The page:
Posted on March 22, 2013

“Tell me about her,” Jenny said, leaning forward intently. “Is she a good lass? And d’ye think she loves Young Ian? From what Ian told me, the lad’s desperate in love with her, but hadn’t spoken to her yet, not knowing how she’d take it-he wasna sure she could deal with him being…what he is.” Her quick gesture encompassed Young Ian’s history and character, from Highland lad to Mohawk warrior. “God kens weel he’ll never make a decent Quaker, and I expect Young Ian kens that, too.”

I laughed at the thought, though in fact the issue might be serious; I didn’t know what a Quaker Meeting might think of such a match, but I rather thought they might view the prospect with alarm. I knew nothing about Quaker marriage, though.

“She’s a very good girl,” I assured Jenny. “Extremely sensible, very capable—and plainly in love with Ian, though I don’t think she’s told him so, either.”

“Ah. D’ye ken her parents?”

“No, they both died when she was a child. She was mostly raised by a Quaker widow, and then came to keep house for her brother when she was sixteen or so.”

“That the little Quaker girl?” Mrs. Figg had come in with a vase of summer roses, smelling of myrrh and sugar. Jenny inhaled strongly and sat up straight. “Mercy Woodcock thinks the world of her. She comes by Mercy’s house every time she’s in town, to visit that young man.”

“Young man?” Jenny asked, dark brows drawing together.

“William’s cousin Henry,” I hastened to explain. “Denzell and I carried out a very serious operation on him during the winter. Rachel knows both William and Henry, and is very kind about visiting to see how Henry is. Mrs. Woodcock is his landlady.”

And what about Mercy Woodcock? I wondered, with a small jolt at the pit of the stomach. It was clear to me, as it was to John, that there was a serious–and deepening–affection between the free black woman and her aristocratic young lodger. I had met Mercy’s husband, very badly wounded, during the exodus from Fort Ticonderoga a year before—and lacking any communication from or about him, thought it very likely that he had died after being taken prisoner by the British.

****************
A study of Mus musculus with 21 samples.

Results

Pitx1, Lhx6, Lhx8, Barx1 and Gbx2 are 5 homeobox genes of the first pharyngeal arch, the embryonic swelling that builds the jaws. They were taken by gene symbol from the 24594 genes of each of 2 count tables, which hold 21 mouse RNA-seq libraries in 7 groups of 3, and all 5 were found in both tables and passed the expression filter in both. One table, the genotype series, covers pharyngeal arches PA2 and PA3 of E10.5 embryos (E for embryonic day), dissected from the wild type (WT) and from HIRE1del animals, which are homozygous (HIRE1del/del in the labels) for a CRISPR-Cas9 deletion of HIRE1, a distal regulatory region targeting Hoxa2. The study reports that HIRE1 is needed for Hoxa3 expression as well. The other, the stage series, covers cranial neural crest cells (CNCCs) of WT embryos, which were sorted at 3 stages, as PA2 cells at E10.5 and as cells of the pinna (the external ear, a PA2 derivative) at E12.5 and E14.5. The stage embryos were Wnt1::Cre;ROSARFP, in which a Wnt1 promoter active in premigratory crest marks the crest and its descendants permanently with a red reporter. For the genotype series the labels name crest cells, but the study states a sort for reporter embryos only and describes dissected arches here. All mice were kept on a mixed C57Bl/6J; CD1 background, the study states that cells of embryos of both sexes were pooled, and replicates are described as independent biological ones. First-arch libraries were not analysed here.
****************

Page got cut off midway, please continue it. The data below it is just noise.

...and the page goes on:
Still, the possibility of John Woodcock returning miraculously from the dead—people did, after all, and a fresh bubble of joy rose under my heart at the thought—was the least of the matter. I couldn’t imagine that John’s brother, the very firm-minded Duke of Pardloe, would be delighted at hearing that his youngest son meant to marry the widow of a carpenter, whatever her color.

Nothing Like the Smell of Bacon In The Morning

Posted on November 10, 2012

Breakfast was plainly preparing below; besides the delectable scent of frying bacon, I could smell toasted yeast-bread and fresh honey. My stomach gave a loud gurgle at this, and as though the sound had caused it, the ladder leading up into the loft began to shake. Someone was coming up, moving slowly, and in case it wasn’t Jamie, I seized my shift and pulled it hastily over my head.

It wasn’t. A pewter tray rose slowly into sight, laid with a plate piled with food, a bowl of porridge, and a pottery mug of something steaming; it couldn’t be tea, and didn’t smell like coffee. As the tray levitated, Henri-Christian’s beaming face appeared below it; he was balancing the thing on his head.

I held my breath until he’d stepped off the ladder, and then, as he removed the tray from his head and presented it to me with a ceremonious little bow, applauded.

“Merveilleuse!” I told him, and he grinned from ear to ear.

“Joanie wanted to try,” he told me proudly, “but she can’t do it with a full tray yet. She spills.”